The innocuous-looking apartment building at 226 East 13th Street, between Second and Third Avenues, may raise few eyebrows now. But on February 8, 1976, the building became synonymous in the popular imagination with drugs, prostitution, runaways, murder and mayhem, steeped in the urban decay which many saw as defining New York City in the 1970’s.
Today, 226 East 13th Street is a seemingly well-maintained walk-up rental apartment building. It was built as a set of three with its neighbors at 228 and 224 in 1901. There were a flood of old law or “dumbbell” tenements like this built in 1901 (so named because they were shaped like a dumbbell from above with tiny air shafts in the middle of the buildings to allow a minimum of legally-required light and air into interior rooms).
The “new” tenement house law passed that year required more light and air, and thus greater construction costs, for housing for the mostly poor and immigrant residents of these buildings. Developers rushed to construct literally scores of the cheaper models like 226 East 13th Street while they still could, in mostly working-class, immigrant neighborhoods like what we know call the East Village (as well as the Lower East Side, Little Italy, the South Village, and Greenwich Village) in 1901, making this one of the busiest years for residential construction in New York City.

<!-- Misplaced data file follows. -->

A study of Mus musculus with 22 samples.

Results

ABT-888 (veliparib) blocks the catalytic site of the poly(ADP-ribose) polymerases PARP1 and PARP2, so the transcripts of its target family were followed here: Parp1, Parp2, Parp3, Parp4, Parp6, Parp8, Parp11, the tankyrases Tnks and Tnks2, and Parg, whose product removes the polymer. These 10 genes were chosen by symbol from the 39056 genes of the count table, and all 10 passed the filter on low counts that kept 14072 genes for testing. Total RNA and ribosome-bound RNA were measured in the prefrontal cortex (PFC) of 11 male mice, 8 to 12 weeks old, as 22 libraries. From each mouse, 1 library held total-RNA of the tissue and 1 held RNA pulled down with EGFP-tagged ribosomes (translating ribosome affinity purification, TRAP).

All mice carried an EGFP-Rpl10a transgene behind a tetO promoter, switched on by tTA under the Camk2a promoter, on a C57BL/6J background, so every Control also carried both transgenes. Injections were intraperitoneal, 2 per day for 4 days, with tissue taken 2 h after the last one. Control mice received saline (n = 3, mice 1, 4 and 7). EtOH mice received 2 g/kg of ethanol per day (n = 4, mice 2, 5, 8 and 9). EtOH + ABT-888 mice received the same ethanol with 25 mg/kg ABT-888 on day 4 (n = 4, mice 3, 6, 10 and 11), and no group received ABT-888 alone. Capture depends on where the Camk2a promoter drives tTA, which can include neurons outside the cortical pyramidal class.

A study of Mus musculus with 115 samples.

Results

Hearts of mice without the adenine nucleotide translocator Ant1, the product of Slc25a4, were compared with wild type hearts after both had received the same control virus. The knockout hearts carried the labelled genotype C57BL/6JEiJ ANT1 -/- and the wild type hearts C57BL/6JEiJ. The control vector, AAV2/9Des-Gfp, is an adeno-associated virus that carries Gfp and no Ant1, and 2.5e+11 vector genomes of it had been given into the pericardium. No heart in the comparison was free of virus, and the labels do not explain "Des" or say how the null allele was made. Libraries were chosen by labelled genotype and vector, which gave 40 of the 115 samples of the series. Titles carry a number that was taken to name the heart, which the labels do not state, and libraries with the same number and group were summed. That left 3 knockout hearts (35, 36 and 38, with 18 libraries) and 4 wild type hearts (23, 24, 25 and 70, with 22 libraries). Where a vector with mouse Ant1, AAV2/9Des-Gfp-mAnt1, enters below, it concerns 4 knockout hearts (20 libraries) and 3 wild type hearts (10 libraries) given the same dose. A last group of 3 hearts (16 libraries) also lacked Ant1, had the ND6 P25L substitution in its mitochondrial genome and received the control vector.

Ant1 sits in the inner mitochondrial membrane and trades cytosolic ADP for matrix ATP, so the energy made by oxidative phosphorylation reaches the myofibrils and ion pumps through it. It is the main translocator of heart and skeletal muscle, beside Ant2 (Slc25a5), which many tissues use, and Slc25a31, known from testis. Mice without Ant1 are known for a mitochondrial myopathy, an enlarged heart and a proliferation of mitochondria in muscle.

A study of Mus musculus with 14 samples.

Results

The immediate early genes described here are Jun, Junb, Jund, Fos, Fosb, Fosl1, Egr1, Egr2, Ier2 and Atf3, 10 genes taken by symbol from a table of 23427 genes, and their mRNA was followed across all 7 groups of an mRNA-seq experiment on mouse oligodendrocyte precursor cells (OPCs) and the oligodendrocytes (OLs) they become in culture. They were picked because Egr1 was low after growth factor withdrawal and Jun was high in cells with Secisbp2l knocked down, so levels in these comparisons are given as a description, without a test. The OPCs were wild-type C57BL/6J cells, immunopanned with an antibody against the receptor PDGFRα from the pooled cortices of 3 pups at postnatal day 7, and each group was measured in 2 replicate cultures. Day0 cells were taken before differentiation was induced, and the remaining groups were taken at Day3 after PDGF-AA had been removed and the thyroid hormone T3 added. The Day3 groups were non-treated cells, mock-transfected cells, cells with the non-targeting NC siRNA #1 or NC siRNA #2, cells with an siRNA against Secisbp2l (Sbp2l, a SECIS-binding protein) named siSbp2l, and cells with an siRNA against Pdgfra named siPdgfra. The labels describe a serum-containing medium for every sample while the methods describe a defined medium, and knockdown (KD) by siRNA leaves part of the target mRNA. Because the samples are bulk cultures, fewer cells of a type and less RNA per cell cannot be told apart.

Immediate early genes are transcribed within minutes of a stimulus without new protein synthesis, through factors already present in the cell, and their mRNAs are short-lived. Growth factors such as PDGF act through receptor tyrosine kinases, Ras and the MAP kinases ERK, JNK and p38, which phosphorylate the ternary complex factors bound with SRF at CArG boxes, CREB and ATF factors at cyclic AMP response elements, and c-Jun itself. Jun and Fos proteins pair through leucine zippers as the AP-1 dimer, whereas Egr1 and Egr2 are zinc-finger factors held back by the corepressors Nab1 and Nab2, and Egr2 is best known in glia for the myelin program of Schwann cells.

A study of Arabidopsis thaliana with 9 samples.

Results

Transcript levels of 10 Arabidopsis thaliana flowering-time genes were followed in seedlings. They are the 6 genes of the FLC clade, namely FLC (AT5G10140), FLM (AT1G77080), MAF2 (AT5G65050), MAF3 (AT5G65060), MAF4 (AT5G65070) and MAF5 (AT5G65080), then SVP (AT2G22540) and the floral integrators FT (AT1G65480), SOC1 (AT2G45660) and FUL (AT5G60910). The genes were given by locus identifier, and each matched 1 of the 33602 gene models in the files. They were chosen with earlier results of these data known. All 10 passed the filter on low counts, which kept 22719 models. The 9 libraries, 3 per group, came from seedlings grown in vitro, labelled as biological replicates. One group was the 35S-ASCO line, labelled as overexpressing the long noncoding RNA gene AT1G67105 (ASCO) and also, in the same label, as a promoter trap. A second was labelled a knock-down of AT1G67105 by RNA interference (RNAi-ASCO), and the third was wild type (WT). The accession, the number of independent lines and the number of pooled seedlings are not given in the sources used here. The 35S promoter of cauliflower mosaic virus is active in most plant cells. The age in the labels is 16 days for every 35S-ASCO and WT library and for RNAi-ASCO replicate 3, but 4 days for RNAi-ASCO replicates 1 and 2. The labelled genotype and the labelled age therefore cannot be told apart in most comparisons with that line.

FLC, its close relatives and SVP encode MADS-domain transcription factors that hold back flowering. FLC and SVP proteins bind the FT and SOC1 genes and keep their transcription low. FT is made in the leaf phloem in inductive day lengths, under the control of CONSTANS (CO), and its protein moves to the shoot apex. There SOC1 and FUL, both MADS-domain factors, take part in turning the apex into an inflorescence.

By 1975, when Martin Scorcese filmed much of the movie Taxi Driver on East 13th Street between 2nd and 3rd Avenues, this block had developed somewhat of a notorious reputation for seediness and crime. There was a pornographic theater just around the corner on Third Avenue (an old Nickelodeon and Vaudeville House which in the 1980’s became the Variety Arts Theater, demolished in 2005 over the objections of GVSHP), and a Single Room Occupancy Hotel on the corner of 13th Street and 3rd Avenue.
In the film, 226 East 13th Street is the place where Jodi Foster’s teenage runaway prostitute Iris takes her clients. The camera pans up menacingly at the building’s gritty facade, and its barren, dimly lit hallways are patrolled by a greedy overseer who charges men by the hour to use the building’s apartments.
In the climactic scene of the movie, Robert DeNiro’s mohawked Travis Bickle breaks into the room to “rescue” Jodie Foster from her client, whom he shoots along with the building overseer before unsuccessfully trying to kill himself. The bloody, nightmarish scene spills out onto the sidewalk just before the movie’s end.
Taxi Driver was released on February 8, 1976, and went on to receive four Academy Award nominations and is considered by many critics one of the all-time greatest American films.